Oregon Farm Grows Organic Chestnuts for Roasting o’er an Open Fire

December 23, 2013 |

Dried Chestnuts Image Credit: Ladd Hill Farms

Dried Chestnuts
Image Credit: Ladd Hill Farms

This time of year, the airwaves fill with the soothing voice of Nat King Cole crooning about chestnuts.

Though this seasonal treat is not as common as it used to be when you could buy a handful from a sidewalk vendor or pick a bowlful from your own native tree, it is still possible to find fresh chestnuts to roast, boil, broil, or tuck into casseroles. Ben and Sandy Bole have owned Ladd Hill Orchards since 1988.

When they purchased it, the property was a neglected walnut orchard sixteen miles south of Portland, Oregon in the fertile Willamette Valley. For a short time, they considered growing hazelnuts or grapes—the land is well suited for both, according to Ben Bole. However, at the time the Boles purchased the property, hazelnut blight had affected many of the area’s crops, so they decided to grow chestnuts instead. Now they use sustainable methods to grow their crop, which they ship fresh to customers all over the U. S. and Canada throughout the Christmas season.

Chestnuts are native to the countries along the Mediterranean from Spain to Portugal. Many chestnuts imported to the United States come from Italy. China, Korea, and Japan also grow their own cultivars. Up until the early 20th Century, American chestnut trees grew by the millions until most succumbed to blight. The Boles grow a hybrid called “Colossal,” a cross between European and Japanese chestnut trees.

“It’s really the basis for a lot of the chestnut industry in the west,” said Ben Bole. American chestnuts are making a slow comeback. “There’s been a big effort to develop a blight-resistant American chestnut, but so far it’s had limited success,” says Bole.

The Boles did not start out growing chestnuts sustainably. It was only after their business had grown that they discovered it would be possible to use organic methods profitably. They have been certified organic for ten years. Two to three chestnuts develop inside a fearsome thorny husk about the size of a baseball. Picking by hand—even with leather gloves—is impossible.

“The thorns are really objectionable!” says Bole. “We have to machine-harvest the crop.” The nuts ripen unevenly, so throughout the months of October and November, his workers use a device like a giant vacuum cleaner to pick up the ripened husks from the ground, and then they take them to be processed and sorted from small to jumbo-sized for packaging and shipping.

The chestnuts are shipped by air to ensure their freshness and quality. Growing a sustainable crop is more labor-intensive than using conventional methods. “We have to use mechanical means to grow an organic crop,” Bole concedes.“We mow a lot. We don’t spray for weeds or use chemical insecticides or fertilizers.”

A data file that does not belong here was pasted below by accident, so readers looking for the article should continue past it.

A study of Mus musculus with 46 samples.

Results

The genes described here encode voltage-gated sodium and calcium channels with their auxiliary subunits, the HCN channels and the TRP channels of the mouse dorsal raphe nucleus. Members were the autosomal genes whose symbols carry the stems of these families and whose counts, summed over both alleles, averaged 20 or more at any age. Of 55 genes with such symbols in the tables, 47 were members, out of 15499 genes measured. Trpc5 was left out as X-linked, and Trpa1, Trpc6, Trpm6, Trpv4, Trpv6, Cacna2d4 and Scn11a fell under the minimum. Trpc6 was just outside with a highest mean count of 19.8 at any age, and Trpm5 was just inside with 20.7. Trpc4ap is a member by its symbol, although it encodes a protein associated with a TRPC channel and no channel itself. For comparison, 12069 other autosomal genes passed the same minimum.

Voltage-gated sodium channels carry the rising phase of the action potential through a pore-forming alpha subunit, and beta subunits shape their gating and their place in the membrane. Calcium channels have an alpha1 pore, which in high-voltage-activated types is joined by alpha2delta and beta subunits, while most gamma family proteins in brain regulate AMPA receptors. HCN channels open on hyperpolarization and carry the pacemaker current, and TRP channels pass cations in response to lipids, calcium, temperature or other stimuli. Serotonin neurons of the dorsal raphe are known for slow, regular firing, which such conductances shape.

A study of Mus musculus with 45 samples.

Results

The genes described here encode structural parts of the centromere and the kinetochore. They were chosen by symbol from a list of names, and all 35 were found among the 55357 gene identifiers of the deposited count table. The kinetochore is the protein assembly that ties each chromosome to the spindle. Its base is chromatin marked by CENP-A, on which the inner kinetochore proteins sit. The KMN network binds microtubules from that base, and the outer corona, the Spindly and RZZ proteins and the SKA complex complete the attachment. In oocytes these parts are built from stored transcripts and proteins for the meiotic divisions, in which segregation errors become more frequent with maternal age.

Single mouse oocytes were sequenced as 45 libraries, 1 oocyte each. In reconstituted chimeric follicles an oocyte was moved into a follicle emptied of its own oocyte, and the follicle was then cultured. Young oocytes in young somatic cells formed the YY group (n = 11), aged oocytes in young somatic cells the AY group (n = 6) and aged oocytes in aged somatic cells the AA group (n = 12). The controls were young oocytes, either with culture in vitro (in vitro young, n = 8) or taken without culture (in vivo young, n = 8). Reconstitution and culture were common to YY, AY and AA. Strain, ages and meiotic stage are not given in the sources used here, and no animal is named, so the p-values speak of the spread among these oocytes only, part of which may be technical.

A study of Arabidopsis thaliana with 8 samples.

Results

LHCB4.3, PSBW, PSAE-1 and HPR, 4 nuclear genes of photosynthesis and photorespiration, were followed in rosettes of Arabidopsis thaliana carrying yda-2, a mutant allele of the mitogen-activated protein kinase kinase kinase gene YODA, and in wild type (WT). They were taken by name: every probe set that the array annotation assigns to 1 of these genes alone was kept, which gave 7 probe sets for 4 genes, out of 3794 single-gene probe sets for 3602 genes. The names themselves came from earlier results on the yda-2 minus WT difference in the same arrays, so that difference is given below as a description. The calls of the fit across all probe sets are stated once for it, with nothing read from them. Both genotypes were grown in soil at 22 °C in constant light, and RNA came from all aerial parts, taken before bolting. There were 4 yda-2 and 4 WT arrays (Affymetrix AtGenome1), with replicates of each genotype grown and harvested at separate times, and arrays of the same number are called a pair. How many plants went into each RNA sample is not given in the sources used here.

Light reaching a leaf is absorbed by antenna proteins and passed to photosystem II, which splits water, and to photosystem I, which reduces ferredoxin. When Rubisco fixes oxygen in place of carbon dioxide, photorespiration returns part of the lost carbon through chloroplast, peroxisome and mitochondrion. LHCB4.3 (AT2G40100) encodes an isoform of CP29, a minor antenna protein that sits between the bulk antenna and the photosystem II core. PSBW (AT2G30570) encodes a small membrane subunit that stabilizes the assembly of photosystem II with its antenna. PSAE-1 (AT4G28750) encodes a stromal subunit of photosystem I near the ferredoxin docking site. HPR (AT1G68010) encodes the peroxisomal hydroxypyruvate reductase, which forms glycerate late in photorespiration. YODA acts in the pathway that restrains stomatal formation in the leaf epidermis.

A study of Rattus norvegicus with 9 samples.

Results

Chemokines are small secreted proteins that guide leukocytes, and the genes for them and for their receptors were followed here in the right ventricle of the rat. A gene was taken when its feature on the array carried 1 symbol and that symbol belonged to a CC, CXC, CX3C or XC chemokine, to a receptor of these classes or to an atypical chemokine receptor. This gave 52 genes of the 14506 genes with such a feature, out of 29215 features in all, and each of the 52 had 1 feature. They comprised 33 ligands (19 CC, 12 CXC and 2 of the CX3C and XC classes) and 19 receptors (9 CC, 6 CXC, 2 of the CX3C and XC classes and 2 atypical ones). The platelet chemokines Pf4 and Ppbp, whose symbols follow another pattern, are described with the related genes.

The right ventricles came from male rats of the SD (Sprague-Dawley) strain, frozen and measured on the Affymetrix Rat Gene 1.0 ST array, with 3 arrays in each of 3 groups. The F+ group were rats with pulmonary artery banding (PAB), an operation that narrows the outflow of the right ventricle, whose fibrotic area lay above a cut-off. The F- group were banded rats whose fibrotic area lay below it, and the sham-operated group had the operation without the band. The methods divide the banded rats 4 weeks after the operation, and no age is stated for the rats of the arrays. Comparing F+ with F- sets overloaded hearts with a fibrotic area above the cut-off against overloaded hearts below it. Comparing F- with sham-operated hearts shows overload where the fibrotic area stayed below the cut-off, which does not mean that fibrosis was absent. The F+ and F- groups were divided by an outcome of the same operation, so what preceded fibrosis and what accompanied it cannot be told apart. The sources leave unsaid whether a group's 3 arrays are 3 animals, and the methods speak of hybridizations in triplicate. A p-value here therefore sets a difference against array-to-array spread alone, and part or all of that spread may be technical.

The cuttings from the mower works as an effective mulch, and as the nuts are harvested, Boles composts the leftover husks for additional mulch and fertilizer. The thorns disintegrate as they compost, making the material much easier to handle. Chestnuts are truly a seasonal crop. Because they are more like a fruit than a nut, Bole said, fresh chestnuts must be refrigerated and kept slightly moist. Their short shelf life is one reason to buy domestic chestnuts.

“Street vendors in New York or Boston are selling mostly imported chestnuts from Italy,” he said. “Many times they’ve been improperly handled and there’s a lot of spoilage. They really belong in the produce section, but stores will put them with other nuts, where they dry out.”

The Boles have begun to sell their chestnuts to smaller, specialty food markets that handle them with care. They sell much of their crop to individual customers who, Ben Bole says, will buy them in quantities from ten up to twenty-five pounds at a time. Chestnuts have a sweet, mild flavor. Naturally high in fiber, they lack the fat and cholesterol of other tree nuts—a guilt-free snack compared to other holiday “goodies.”

The Boles sell their fresh chestnuts by the pound, but they also sell packages of dried chestnuts, which keep longer and can be reconstituted for use in recipes. Chestnut flour—which is gluten-free—is also a popular product. Ben Bole recommends chestnut flour as a coating for pan-fried chicken. Their website has a list of recipes, including a chestnut apple casserole that has become a Bole family tradition.

Ladd Hill certified organic chestnuts and chestnut products are available for order from their website. However, if you want a taste of this seasonal delicacy, you will have to act fast. By the first of the year, Ben Bole said, they will be completely sold out until next year.